Remember how President Obama and the Democrats were flailing in the response to the BP oil spill, until Congressman Joe Barton (R-Texas) came and rescued them with his "shakedown" comment and apology?
Now, once again, another Republican to the Democrats' rescue.
First, some background.
Democrats are deeply divided over the war in Afghanistan. Their president is sending more troops into combat, and while he has said he intends to start to bring them home next summer, not everyone is convinced he will be able to make good on that.
Thursday night's vote in the House perfectly illustrated that division. An amendment calling for a plan to begin the withdrawal of U.S. troops from Afghanistan failed on a 260-162 vote. But while Republicans were pretty much united against the amendment — only nine GOPers voted in favor of it — Democrats were torn. Ninety eight Democrats voted no, but 153 voted yes ... including Speaker Nancy Pelosi, Democratic Caucus chair John Larson and Democratic campaign chief Chris Van Hollen. The list of the 98 no votes included Majority Leader Steny Hoyer and Whip James Clyburn.
In an excellent account of the vote, CQ's Edward Epstein writes that the tally shows that President Obama "may not be able to count much longer on the backing of his own party in Congress as he pursues a war strategy he says is vital to American interests and national security." Darrell West of the Brookings Institution said, "When your own party starts to splinter that dramatically, it signals trouble for the president. When you can’t keep your own party in line, it makes it harder to keep the public’s support for a war.”
With 60 percent of his own party in the House voting against the war, Obama heard a party deeply divided over what to do.
Leave it to Republican National Committee chair Michael Steele to unite them.
In a scene captured on this YouTube video*, Steele, at a Thursday party fundraiser in Connecticut, called Afghanistan a "a war of Obama's choosing. This is not something the United States had actively prosecuted or wanted to engage in."
Democrats and their allies on the left reacted as if they got a gift from the gods.
Democratic National Committee spokesman Brad Woodhouse said, "It’s simply unconscionable that Michael Steele would undermine the morale of our troops when what they need is our support and encouragement. Michael Steele would do well to remember that we are not in Afghanistan by our own choosing, that we were attacked and that his words have consequences."
Kevin Drum, writing in Mother Jones, said the comments were "more evidence that Michael Steele is a mendacious clown."
For much of this afternoon, there was a steady stream of emails from the DNC.
But the criticism didn't only come from the left.
Bill Kristol, writing in the Weekly Standard, called on Steele to resign:
Your tenure has of course been marked by gaffes and embarrassments, but I for one have never paid much attention to them, and have never thought they would matter much to the success of the causes and principles we share. ...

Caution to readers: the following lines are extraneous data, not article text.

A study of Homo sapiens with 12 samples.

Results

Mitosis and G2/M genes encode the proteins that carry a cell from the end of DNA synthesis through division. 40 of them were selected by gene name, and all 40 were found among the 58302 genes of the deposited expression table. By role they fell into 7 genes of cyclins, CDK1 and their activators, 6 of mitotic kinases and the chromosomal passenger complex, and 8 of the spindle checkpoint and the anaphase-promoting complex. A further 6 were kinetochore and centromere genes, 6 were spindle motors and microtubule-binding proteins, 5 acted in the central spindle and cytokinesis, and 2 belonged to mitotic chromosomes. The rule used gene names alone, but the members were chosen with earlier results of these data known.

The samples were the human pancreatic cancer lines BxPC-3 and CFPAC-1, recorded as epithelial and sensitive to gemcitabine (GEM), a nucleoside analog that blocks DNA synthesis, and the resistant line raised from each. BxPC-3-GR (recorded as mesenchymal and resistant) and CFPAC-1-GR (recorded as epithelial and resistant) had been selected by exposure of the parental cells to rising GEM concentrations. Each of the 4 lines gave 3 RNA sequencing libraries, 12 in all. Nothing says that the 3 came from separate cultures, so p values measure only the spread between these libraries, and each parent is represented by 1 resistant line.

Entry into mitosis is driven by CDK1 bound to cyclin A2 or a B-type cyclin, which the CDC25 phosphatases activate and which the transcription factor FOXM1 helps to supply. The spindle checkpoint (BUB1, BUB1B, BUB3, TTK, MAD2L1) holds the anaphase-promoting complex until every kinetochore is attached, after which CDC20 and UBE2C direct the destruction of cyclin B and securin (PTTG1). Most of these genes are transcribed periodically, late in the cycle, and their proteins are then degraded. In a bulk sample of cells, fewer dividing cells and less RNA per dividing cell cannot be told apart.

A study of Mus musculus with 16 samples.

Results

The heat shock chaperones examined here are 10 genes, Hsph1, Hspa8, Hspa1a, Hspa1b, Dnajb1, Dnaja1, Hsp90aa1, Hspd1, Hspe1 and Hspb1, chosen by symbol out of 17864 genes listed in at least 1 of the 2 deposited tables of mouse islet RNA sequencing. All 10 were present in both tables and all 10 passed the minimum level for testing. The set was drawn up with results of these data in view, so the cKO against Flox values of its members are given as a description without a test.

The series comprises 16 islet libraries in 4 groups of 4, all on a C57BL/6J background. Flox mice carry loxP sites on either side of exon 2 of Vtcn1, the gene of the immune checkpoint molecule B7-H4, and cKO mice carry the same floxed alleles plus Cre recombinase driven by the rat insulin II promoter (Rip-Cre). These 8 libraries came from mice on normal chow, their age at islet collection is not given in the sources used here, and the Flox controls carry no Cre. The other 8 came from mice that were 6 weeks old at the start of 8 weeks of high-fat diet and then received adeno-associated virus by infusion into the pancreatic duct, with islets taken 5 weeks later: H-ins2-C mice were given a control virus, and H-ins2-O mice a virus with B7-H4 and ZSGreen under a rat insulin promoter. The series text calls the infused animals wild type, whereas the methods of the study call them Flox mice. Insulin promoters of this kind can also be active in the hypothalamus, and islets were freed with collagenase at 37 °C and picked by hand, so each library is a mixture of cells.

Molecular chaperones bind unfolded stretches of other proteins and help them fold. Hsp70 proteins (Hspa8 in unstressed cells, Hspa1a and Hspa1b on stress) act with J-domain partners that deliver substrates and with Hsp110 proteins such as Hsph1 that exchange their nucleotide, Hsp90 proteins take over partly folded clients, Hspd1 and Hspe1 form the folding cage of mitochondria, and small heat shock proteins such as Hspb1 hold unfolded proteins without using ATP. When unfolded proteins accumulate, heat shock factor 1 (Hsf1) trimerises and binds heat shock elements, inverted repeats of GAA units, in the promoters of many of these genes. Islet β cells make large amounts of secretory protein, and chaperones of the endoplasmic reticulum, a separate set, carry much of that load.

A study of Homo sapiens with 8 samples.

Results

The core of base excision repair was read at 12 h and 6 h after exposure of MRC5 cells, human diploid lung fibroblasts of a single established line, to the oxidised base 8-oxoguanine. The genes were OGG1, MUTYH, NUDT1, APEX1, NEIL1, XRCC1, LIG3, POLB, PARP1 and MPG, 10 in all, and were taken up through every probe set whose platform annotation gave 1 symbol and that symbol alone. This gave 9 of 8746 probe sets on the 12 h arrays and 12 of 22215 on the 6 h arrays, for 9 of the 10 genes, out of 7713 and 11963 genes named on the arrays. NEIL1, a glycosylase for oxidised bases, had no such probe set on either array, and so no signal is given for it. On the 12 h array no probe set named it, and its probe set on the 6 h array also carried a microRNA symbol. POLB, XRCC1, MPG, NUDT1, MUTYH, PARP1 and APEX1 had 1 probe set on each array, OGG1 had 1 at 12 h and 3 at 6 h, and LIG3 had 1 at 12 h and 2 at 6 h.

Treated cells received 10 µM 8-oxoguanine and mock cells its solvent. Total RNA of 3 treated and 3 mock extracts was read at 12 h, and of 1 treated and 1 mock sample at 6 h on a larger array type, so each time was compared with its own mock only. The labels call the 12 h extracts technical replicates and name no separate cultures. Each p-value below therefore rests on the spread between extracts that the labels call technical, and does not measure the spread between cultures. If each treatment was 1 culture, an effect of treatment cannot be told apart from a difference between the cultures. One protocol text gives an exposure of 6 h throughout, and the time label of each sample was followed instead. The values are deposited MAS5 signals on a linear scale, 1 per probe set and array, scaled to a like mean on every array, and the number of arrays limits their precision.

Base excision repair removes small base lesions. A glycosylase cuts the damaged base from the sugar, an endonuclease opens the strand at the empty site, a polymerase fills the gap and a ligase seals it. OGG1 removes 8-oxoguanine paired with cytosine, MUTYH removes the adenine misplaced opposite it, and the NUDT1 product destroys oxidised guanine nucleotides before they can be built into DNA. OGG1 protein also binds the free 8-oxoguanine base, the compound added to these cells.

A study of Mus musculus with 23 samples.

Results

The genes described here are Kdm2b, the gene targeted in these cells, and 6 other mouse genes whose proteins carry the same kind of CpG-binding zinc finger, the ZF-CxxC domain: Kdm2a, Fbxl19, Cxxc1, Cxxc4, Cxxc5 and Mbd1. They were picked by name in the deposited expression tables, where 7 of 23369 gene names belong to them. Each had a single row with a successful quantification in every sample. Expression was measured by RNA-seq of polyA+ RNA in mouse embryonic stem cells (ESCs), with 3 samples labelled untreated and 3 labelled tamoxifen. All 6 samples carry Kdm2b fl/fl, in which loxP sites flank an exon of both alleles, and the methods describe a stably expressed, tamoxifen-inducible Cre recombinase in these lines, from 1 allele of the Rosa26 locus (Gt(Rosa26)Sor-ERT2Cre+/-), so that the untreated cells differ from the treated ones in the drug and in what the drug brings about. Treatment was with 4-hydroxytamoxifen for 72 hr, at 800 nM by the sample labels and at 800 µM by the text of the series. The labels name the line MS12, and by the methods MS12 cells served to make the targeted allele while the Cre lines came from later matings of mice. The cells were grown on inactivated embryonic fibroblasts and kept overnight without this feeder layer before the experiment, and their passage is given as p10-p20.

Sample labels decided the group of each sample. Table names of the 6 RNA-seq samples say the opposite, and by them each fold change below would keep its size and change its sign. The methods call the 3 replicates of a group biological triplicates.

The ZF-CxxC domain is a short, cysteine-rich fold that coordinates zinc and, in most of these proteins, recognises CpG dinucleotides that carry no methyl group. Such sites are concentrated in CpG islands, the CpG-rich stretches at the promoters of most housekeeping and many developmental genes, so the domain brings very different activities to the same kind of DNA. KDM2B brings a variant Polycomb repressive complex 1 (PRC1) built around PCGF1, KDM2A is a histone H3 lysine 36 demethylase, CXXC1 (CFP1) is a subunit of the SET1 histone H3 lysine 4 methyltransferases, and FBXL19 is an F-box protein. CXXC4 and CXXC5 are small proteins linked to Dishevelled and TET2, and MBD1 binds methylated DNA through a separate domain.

At a time when Gen. Petraeus has just taken over command, when Republicans in Congress are pushing for a clean war funding resolution, when Republicans around the country are doing their best to rally their fellow citizens behind the mission, your comment is more than an embarrassment. It’s an affront, both to the honor of the Republican party and to the commitment of the soldiers fighting to accomplish the mission they’ve been asked to take on by our elected leaders.
And Dan Senor, a leading conservative, told the Huffington Post that Steele's comments were "utterly irresponsible."
Chris Good, blogging at The Atlantic, writes about Steele's history of "gaffes":
This one, however, appears to be the biggest, and here's why:
1) Wars are more serious, and they are taken more seriously in politics.
2) He's advocating that federal candidates push this line. Who cares if Steele personally maybe leaned pro-choice, as his GQ slip seemed to indicate? That's his deal. In this case, it's about pushing Republican candidates in a tangible direction and supplying them with he materials to move in that way. ...
Steele has always had his enemies, but he's been insulated from their criticisms and calls for his job, largely because it doesn't really hurt the GOP that much when he says unexpected things, the process to remove a chairman is so onerous, it would look bad if he stepped down, and it would look bad if the GOP, with its old-white-guy image, fired its first black chairman because he wouldn't get in line with what everyone else wanted him to do and say.
Good concludes that Steele "will probably survive this":
Despite how unhappy some are about this, it is far easier for the committee to wait until Steele's term is up in January and let challengers mount their bids. And in his propensity to utter what so many call "gaffes," Steele actually evades more criticism. He just lets it rip. For better or worse, people expect things like this.
*The Steele video was posted on YouTube by “RealityCheck411.” Judging from this and the other videos RealityCheck411 has posted, it’s a Connecticut-focused YouTube channel that is pro-Democratic/anti-Republican. The headline “Michael Steele Opposing the Troops in Afghanistan” is RealityCheck411’s take on the news, not NPR’s.